TROY – A Cannon Foundation grant will assist FirstHealth Montgomery Memorial Hospital with a project designed to help ensure the safety of hospital patients, visitors and employees – automated sprinkler coverage of the entire facility.
While overnight patient care areas in the hospital have had sprinkler coverage for many years, parts of the building – some of them more than 60 years old – have never been covered. The $100,000 Cannon grant will be added to money from the hospital’s 2014 capital budget to fund the project.
“It’ll be a big relief once it’s completed,” says Woody Bond, MMH director of Facilities Management.
According to the U.S. Fire Administration, sprinklers provide an extremely high level of life safety in covered buildings with statistics demonstrating that property losses are 85 percent less in buildings with fire sprinklers as compared to those without them.
National statistics also indicate that the combination of automated sprinklers and early warning systems in all buildings and residences could reduce overall injuries, loss of life and property damage by at least 50 percent.
According to hospital President Beth Walker, non-sprinklered areas of the hospital have for many years been “grandfathered in” by The Joint Commission, the national health care accrediting agency. But it has become increasingly apparent that full coverage will eventually be mandated – and sooner rather than later.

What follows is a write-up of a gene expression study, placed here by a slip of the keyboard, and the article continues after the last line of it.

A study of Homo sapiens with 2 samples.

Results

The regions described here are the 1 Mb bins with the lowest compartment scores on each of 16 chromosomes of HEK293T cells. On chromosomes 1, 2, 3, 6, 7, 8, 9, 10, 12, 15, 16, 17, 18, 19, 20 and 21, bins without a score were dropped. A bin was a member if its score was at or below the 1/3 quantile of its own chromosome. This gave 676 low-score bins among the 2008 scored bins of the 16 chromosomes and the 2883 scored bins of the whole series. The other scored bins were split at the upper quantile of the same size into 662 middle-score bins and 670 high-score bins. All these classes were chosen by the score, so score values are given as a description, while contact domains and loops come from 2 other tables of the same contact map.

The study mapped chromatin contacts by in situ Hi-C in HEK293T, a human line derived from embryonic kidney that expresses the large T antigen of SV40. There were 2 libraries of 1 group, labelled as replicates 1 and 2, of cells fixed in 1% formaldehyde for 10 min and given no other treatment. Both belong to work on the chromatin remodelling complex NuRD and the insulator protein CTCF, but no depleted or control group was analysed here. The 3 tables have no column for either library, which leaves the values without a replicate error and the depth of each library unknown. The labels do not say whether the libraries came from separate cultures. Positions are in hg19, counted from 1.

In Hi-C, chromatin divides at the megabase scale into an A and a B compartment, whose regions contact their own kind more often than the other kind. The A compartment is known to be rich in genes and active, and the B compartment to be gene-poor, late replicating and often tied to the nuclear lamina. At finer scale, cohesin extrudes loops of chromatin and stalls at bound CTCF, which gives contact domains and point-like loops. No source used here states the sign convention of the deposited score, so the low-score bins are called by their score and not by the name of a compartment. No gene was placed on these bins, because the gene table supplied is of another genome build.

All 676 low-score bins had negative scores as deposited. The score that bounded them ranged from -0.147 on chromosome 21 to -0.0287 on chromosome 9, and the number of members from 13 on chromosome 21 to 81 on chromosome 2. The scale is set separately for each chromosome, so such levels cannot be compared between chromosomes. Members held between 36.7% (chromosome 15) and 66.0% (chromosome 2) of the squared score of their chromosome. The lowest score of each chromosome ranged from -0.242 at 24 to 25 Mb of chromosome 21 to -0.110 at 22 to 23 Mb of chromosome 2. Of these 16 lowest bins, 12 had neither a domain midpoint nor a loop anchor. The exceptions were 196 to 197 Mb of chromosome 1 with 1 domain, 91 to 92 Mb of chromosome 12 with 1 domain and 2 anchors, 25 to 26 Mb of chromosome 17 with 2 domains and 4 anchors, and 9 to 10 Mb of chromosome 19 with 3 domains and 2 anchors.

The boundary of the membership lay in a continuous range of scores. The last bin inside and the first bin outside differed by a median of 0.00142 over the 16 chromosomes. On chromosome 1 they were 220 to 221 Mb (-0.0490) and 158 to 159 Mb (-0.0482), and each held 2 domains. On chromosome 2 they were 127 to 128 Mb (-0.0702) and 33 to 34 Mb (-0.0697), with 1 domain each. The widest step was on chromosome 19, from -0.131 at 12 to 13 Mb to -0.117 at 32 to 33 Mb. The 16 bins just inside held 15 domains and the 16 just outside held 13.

“I’ll be glad when it’s done,” says Walker.
Work on the sprinkler project will be contracted and provided by a firm specializing in automated fire protection. Planning was scheduled to start in December with work beginning in early 2014 and taking anywhere from 12 to 28 weeks depending on any structural impediments that might be encountered during the process.
In some areas, the hospital is a complicated combination of old and more recent construction. The current 79,701-square-foot facility includes the original 1951 hospital building, a wing that was added in 1969, and the outpatient area that was built in 1992.
“It’s not going to be an easy task,” Bond says of the project.
Considerable planning has gone into the sprinkler project with major efforts focusing on possible effects to patient care. Plans must also be approved by state regulatory agencies. At appropriate times and as part of an ongoing effort to assure safety, members of the Troy Fire Department will be included in the project team that includes representatives from FirstHealth Safety/Emergency Management, Project Design/Planning, Facilities and administration.